Other aspects of the February plan, though, remain unchanged, including a reliance on commercial operators to transport astronauts to low-Earth orbit. As if to emphasize this, prior to his speech, Obama visited the Cape Canaveral launch pad used by SpaceX, speaking with company founder Elon Musk by the company’s Falcon 9 launch vehicle, which is slated for its first launch next month.
If the speech was intended to win over skeptics and opponents of the agency’s new direction, it was not an immediate success. Many members of Congress who spoke out against the budget proposal in February were not mollified by the president’s words. “The president’s announcement, unfortunately, still will do nothing to ensure America’s superiority in human space exploration or to decrease our reliance on Russia in the interim,” said Rep. Ralph Hall (R-Texas), the ranking member of the House Science and Technology Committee.
Others, though, softened their views. “The changes that the president has outlined to his NASA proposal are steps in the right direction and a sign that he is listening to my concerns, but there is still room for improvement,” said Rep. Suzanne Kosmas (D-Florida), whose district includes Kennedy Space Center. Kosmas was pleased by a $40 million plan announced in the speech to support the region’s economy, which is facing the loss of thousands of jobs when the shuttle is retired later this year.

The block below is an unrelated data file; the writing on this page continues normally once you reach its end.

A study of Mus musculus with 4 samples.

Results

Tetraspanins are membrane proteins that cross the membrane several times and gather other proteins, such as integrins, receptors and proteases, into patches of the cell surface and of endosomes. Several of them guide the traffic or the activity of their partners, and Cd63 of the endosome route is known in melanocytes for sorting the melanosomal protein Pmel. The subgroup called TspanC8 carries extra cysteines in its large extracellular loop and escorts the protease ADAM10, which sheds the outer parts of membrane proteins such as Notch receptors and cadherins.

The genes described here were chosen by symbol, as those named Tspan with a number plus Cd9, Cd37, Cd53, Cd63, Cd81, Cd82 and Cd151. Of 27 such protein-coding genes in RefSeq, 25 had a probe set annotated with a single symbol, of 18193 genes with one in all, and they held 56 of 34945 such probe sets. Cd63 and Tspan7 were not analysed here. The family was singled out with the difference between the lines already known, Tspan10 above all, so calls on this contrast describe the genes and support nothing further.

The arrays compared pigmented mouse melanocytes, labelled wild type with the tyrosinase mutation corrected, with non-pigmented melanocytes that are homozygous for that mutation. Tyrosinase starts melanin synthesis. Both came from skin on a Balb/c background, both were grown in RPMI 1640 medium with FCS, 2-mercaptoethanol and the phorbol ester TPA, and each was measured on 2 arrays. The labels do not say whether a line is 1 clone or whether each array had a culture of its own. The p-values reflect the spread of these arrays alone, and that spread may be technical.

The first test of the president’s updated vision for NASA will come this Thursday, when a subcommittee of the Senate Appropriations Committee holds a hearing on the budget proposal. Sen. Barbara Mikulski (D-Maryland), chair of the subcommittee, has said little publicly about the agency’s new direction since February, but she has expressed concern about a lack of specific destinations, something last week’s speech addressed. However, the committee’s top Republican, Sen. Richard Shelby of Alabama, has been a harsh critic, and said after the speech the plan “continues the destruction of 40 years of U.S. space supremacy by pinning our hopes for success on unproven commercial companies.”
The president, though, hopes the plan is seen as an enhancement of such supremacy, despite the disruption it causes in the near term. “That is exactly why it’s so essential that we pursue a new course and that we revitalize NASA and its mission–not just with dollars, but with clear aims and a larger purpose,” Obama said.